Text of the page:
Reclamation Projects Bring Jobs to Montana Communities
Our grandparents may not have known about the unintended consequences of channelizing streams, but we certainly do. Today, Montanans from Eureka to the Ruby are taking in information and finding ways to help rivers and streams regain their curves. These reclamation efforts improve trout habitat, mitigate floods, and curb erosion.
But the benefits don’t stop with conservation improvements. These restoration projects also give a boost to the local economy.
The Lincoln Conservation District, serving our most northwestern county, currently has two restoration projects in the works, the Tobacco River and Mud Creek.
We went up to Eureka last month to check out these reclamation sites during the 2018 Watershed Symposium. Both were at different points of completion and something caught our attention: excavators.
Bob Cuffe, the owner of Glacier Excavating, met us at the Tobacco River restoration site. The project, which started construction in July of 2018, was nearing completion.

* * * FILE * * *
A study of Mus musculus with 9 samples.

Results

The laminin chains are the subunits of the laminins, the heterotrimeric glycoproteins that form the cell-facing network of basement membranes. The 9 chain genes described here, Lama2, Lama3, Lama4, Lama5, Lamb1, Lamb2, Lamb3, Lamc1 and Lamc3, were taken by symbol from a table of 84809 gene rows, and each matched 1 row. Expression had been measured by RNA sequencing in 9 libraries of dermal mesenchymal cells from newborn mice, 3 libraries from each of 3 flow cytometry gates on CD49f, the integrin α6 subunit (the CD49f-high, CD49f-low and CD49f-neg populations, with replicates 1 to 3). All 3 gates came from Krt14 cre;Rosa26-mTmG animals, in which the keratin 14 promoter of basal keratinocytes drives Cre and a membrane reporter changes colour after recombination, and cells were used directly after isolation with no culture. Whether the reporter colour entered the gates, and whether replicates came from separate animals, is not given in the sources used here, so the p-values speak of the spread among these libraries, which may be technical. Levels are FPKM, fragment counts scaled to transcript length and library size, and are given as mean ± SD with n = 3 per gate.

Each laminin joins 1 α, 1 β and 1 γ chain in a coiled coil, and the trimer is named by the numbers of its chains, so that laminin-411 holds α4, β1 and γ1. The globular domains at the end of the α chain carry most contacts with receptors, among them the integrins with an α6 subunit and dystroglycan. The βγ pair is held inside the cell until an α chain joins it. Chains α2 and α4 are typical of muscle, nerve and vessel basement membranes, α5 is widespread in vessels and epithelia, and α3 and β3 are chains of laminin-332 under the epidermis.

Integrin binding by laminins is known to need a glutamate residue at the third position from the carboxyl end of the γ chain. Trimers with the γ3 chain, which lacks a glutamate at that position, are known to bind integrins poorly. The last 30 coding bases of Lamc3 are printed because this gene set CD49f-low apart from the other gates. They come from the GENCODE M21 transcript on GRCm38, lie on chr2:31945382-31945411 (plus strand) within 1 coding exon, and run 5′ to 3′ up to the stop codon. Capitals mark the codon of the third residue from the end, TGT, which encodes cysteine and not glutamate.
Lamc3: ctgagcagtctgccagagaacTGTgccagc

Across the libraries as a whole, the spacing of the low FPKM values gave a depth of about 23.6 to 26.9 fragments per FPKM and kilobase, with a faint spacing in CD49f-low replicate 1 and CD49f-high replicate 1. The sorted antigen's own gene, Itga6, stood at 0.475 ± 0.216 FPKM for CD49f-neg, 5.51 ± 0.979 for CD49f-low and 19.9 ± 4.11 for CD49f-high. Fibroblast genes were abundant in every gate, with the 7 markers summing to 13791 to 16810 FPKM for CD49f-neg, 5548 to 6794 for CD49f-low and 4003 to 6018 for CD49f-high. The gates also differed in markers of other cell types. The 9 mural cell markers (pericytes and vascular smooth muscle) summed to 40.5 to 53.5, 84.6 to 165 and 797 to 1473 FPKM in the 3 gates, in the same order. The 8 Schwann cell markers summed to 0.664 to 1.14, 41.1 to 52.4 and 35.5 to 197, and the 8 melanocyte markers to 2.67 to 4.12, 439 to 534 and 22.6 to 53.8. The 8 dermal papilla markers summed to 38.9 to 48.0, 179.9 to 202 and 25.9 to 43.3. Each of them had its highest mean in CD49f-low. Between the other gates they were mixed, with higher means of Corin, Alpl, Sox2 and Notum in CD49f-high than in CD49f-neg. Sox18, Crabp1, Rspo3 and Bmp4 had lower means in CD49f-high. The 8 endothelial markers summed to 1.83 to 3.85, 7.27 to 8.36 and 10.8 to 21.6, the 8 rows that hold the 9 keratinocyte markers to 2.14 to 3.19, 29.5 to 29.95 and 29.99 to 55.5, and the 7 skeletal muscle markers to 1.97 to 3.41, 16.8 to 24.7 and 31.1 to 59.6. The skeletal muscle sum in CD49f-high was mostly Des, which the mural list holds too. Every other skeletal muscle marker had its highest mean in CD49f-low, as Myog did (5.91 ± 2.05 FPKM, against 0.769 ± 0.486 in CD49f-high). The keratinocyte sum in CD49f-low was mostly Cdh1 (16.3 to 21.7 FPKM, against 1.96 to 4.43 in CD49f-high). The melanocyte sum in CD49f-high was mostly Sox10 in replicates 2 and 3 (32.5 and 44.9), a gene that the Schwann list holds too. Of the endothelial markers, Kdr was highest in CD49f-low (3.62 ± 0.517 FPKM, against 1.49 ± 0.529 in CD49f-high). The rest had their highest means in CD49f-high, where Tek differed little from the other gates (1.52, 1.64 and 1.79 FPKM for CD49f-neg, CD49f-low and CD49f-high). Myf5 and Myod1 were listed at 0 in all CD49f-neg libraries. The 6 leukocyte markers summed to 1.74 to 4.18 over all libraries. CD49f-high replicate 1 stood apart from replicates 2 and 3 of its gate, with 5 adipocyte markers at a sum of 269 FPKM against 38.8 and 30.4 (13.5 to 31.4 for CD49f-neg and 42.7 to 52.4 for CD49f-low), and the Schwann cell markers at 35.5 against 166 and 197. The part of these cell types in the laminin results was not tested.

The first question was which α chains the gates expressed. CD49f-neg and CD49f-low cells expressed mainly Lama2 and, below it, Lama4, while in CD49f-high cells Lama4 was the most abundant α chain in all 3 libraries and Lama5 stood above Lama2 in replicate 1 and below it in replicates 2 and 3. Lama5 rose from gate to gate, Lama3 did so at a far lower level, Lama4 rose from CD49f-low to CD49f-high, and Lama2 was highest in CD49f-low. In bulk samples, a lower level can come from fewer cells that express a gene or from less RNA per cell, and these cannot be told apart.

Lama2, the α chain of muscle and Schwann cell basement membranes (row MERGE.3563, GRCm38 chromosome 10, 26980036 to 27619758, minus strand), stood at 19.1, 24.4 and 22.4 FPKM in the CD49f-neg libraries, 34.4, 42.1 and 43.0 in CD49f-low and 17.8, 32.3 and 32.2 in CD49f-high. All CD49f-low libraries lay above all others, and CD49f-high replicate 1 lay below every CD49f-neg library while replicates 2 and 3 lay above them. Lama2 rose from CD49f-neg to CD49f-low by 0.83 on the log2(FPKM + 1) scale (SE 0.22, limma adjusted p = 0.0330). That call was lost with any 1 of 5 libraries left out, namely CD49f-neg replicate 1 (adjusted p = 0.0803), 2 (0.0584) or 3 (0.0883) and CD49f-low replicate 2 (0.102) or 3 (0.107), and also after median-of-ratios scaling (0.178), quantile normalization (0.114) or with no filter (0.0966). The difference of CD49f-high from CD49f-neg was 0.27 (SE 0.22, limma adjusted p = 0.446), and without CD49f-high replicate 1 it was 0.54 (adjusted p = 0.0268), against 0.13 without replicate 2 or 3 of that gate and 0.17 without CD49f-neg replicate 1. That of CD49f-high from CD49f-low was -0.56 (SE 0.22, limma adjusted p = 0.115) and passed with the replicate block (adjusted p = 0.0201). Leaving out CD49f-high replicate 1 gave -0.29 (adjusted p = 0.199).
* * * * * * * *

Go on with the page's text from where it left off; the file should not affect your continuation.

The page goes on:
The view was breathtaking.
It is heartwarming to think of community volunteers correcting a stream with buckets and shovels — until they have to remove an entire car from a river bank. The reality is, these projects require specialists.
Luckily, Cuffe’s company specializes in stream restoration.
This may seem like a limited scope for a company. But, it is keeping Cuffe and his employees busy working across western Montana and Idaho on restoration projects big and small.
His guys make good money — better than what they’d make sticking with a job close to home. The tradeoff is spending up to 20 weeks out of the year out on the road. Anyone who has had to work away from home for long periods of time knows how nice it is to kick your boots up on your own coffee table–not one in a hotel lounge.
Cuffe and his team were excited to land the Tobacco River Restoration project as well as the Mud Creek Restoration project, which just started construction this past fall. Both projects are in Glacier Excavating’s hometown of Eureka, which allowed Cuffe and much of his crew to spend their busy season coming home to their own families each night, rather than spending much of the season out on the road.
“It’s been a really cool summer,” said Cuffe.
Infographic photographs provided by Mackenzie Lisac.